The most fit middle-age adults are much less likely to develop dementia in their senior years than those who are the least fit at midlife, according to a new study by The Cooper Institute, Cooper Clinic and UT Southwestern Medical Center researchers.
The research was published in the current edition of Annals of Internal Medicine and released Tuesday.
The study followed more than 19,000 healthy men and women who completed a preventive medical exam at Cooper Clinic in Dallas at an average age of 49. The exam also included an assessment of other health risk factors such as body mass index (BMI), blood pressure, and cholesterol. Their health status was evaluated using Medicare data between 1999 and 2009, an average of 24 years after their Cooper Clinic examination.
The researchers divided the participants into those who were most and least fit, defined asthe amount of time people ran on a treadmill. The fittest subjects ran the equivalent of a seven-minute mile during the treadmill test, while the least fit jogged the equivalent of a 12-minute mile.
They followed the participants beyond age 65 years to see who would develop dementia, which is progressive loss of memory and thinking that usually affects older adults. The researchers then compared the number of people who had dementia among the most and least fit.
The researchers used the Cooper Center Longitudinal Study (CLSS) database that contains more than 250,000 records from almost 100,000 individuals representing more than 1,800,000 person-years of observation. The CCLS is one of the most highly referenced databases containing more than 3,000 variables and considered the world’s foremost repository of information on fitness. The data collection began with founder Dr. Kenneth Cooper’s first patient in December 1970.
They concluded that higher midlife fitness levels were associated with lower hazards of developing Alzheimer disease and other types of dementia in men and women older than 65 years.
The researchers said greater fitness might be associated with lower dementia because it also lower risk for diabetes and hypertension, which also are risk factors for dementia. Higher fitness levels have been associated with greater brain volume, which may increase cognitive function and lower the risk of dementia, they said.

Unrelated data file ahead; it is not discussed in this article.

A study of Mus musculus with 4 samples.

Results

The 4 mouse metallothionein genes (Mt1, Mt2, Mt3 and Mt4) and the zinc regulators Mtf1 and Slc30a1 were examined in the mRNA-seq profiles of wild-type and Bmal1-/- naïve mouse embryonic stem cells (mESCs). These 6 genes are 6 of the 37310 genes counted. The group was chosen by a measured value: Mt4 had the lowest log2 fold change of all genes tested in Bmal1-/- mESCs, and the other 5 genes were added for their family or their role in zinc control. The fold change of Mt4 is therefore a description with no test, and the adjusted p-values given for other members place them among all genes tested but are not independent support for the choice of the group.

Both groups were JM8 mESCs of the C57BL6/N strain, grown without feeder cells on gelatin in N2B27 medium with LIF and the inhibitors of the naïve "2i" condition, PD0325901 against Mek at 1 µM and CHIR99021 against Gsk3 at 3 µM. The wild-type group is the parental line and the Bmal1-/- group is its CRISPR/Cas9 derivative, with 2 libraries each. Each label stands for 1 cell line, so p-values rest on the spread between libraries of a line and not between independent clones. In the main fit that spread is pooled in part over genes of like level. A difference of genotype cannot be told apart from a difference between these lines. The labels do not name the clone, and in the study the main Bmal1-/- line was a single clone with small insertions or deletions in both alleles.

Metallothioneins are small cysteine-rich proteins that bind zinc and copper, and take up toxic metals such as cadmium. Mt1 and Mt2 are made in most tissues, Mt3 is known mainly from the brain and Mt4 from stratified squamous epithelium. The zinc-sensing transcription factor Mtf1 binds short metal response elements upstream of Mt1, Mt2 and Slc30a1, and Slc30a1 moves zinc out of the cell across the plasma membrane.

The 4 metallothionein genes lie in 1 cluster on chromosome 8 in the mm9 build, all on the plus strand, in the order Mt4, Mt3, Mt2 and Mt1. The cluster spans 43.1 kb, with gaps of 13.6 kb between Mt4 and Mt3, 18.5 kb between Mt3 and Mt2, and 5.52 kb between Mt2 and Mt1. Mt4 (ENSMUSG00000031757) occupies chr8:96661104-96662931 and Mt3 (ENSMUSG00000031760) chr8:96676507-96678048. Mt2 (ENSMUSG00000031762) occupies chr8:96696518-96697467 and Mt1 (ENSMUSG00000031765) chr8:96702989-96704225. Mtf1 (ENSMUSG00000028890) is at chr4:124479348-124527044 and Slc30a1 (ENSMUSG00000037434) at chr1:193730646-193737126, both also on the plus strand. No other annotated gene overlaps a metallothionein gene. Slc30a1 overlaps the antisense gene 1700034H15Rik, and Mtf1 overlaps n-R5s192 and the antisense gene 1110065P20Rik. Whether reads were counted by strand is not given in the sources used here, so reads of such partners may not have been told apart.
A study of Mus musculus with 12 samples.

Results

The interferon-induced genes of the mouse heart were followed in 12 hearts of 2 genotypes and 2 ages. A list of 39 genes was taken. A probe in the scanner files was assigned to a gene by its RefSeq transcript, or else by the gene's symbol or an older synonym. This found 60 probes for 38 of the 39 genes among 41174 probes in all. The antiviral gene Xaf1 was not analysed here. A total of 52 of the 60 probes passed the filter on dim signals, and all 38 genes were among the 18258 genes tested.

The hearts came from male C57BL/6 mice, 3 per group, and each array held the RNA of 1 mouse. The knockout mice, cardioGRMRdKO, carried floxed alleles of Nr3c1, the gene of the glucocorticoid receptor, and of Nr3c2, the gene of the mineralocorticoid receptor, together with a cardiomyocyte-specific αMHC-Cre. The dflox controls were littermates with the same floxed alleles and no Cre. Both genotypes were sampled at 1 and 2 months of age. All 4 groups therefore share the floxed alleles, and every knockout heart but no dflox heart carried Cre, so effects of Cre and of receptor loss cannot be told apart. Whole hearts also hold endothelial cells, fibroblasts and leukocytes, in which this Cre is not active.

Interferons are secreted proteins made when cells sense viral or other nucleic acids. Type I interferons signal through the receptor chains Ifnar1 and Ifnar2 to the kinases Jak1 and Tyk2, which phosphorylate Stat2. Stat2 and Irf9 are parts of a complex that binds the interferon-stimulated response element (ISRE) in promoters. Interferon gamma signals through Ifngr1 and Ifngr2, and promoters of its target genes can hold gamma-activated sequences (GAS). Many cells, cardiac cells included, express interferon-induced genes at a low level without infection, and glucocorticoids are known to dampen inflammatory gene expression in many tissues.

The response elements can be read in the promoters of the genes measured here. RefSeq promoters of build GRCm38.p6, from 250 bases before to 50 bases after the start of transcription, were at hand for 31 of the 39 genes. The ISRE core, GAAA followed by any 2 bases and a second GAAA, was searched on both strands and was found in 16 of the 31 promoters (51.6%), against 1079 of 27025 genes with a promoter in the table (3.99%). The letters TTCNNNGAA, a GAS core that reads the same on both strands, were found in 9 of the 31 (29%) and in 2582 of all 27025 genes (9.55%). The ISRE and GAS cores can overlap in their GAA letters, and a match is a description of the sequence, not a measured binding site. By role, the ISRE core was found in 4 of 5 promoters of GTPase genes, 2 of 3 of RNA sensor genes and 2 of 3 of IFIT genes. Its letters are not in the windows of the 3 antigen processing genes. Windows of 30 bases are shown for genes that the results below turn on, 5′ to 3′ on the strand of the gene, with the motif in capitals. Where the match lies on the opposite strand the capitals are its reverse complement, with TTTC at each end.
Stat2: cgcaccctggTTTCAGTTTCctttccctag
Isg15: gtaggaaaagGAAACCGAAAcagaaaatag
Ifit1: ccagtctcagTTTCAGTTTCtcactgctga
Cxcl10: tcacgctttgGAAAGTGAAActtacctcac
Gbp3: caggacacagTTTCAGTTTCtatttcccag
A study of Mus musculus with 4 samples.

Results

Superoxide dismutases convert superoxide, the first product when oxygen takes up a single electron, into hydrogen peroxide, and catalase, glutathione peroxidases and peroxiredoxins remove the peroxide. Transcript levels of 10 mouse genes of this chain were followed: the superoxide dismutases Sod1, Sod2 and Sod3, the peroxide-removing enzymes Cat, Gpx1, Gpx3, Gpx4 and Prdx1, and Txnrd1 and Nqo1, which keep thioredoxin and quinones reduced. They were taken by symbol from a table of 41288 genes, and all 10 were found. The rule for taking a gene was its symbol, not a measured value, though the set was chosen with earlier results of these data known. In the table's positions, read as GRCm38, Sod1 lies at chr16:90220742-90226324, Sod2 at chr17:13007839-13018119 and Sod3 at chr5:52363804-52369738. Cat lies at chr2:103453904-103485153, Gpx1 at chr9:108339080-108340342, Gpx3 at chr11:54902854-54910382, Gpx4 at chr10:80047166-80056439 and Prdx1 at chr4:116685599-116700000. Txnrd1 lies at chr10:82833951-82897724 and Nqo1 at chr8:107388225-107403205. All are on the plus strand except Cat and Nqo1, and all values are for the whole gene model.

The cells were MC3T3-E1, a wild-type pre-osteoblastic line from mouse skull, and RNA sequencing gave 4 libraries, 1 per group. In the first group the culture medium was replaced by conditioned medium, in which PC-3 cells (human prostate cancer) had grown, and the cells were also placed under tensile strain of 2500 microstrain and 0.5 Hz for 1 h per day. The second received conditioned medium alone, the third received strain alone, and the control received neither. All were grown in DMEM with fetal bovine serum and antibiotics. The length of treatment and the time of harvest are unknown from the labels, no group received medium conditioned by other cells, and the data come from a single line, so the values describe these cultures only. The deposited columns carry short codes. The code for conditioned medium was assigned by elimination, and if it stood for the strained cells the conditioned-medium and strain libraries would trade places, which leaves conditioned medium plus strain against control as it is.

The risk of dementia did not appear to be affected by whether participants had had a stroke during the follow-up period, and nor did educational attainment appear to alter the results.
Other studies have established that midlife health and behaviors can influence future outcomes. Middle-age depression, smoking, and high body mass index, as well as other cardiovascular risk factors, have been linked to the risk for dementia in later life.
The researchers cautioned that the findings might be influenced by other healthy behaviors, such as healthy eating, that are common among physically fit people. The research also does not recommend a specific level of physical fitness that people can achieve to prevent dementia.
They noted the study’s strengths included a large sample size, a long follow-up period and the detailed Cooper Clinic medical history on each subject at midlife.
This study also specifically addressed fitness levels, which is an objective measure rather than self-reported behavior. A 2011 study reported that less than 10 percent of adults achieve the 150-minutes-per-week guideline recommended by the federal government. Researchers in that study used accelerometry and found that self-reported estimates of physical activity were six times greater than the actual measured activity.
“We’ve known that exercise is beneficial to brain health in the short-term,” said Laura DeFina, MD, of The Cooper Institute, and first author on the study. “What’s unique about this study is that it demonstrates the long-term, positive effect of fitness on the brain.”
“The exercise we do in middle-age is relevant for not only how long we live, but also how well we live. This data provides insight into the value of lifelong exercise and its protection against dementia in older age,” said co-author Jarett Berry, MD, of UT Southwestern Medical Center, in a statement. “The fear of dementia in later life is real, and the possibility that exercise earlier in life can lower that risk is an important public health message.”
Alzheimer’s is the second most-feared disease among U.S. adults, behind only cancer, according to a 2011 survey by MetLife Foundation.
Besides DeFina and Berry, other Dallas-based authors included Benjamin Willis, MD, and David Leonard, PhD, of The Cooper Institute; Nina Radford, MD, of Cooper Clinic; and Myron Weiner, MD, and Ang Gao, MS, of UT Southwestern Medical Center.
Many of that same team used the CLSS in a study last fall in the Archives of Internal Medicine that suggested middle-age fitness had a greater impact on preventing chronic disease than overall survival.
DeFina said the research team has other studies about to be published on healthy aging.
“We know being fit is good for you. The next generation of research is: Why is it good for you? We’re trying to find the right message that gets the public off the couch. What is the driver that helps to get people to move?” she said.
The researchers recommended future studies should seek to determine the ideal amount of physical activity to prevent dementia.
The study was funded by the UT Southwestern, the National Heart, Lung and Blood Institute, and the American Heart Association.
Steve Jacob is editor of D Healthcare Daily and author of the new book Health Care in 2020: Where Uncertain Reform, Bad Habits, Too Few Doctors and Skyrocketing Costs Are Taking Us. He can be reached at firstname.lastname@example.org.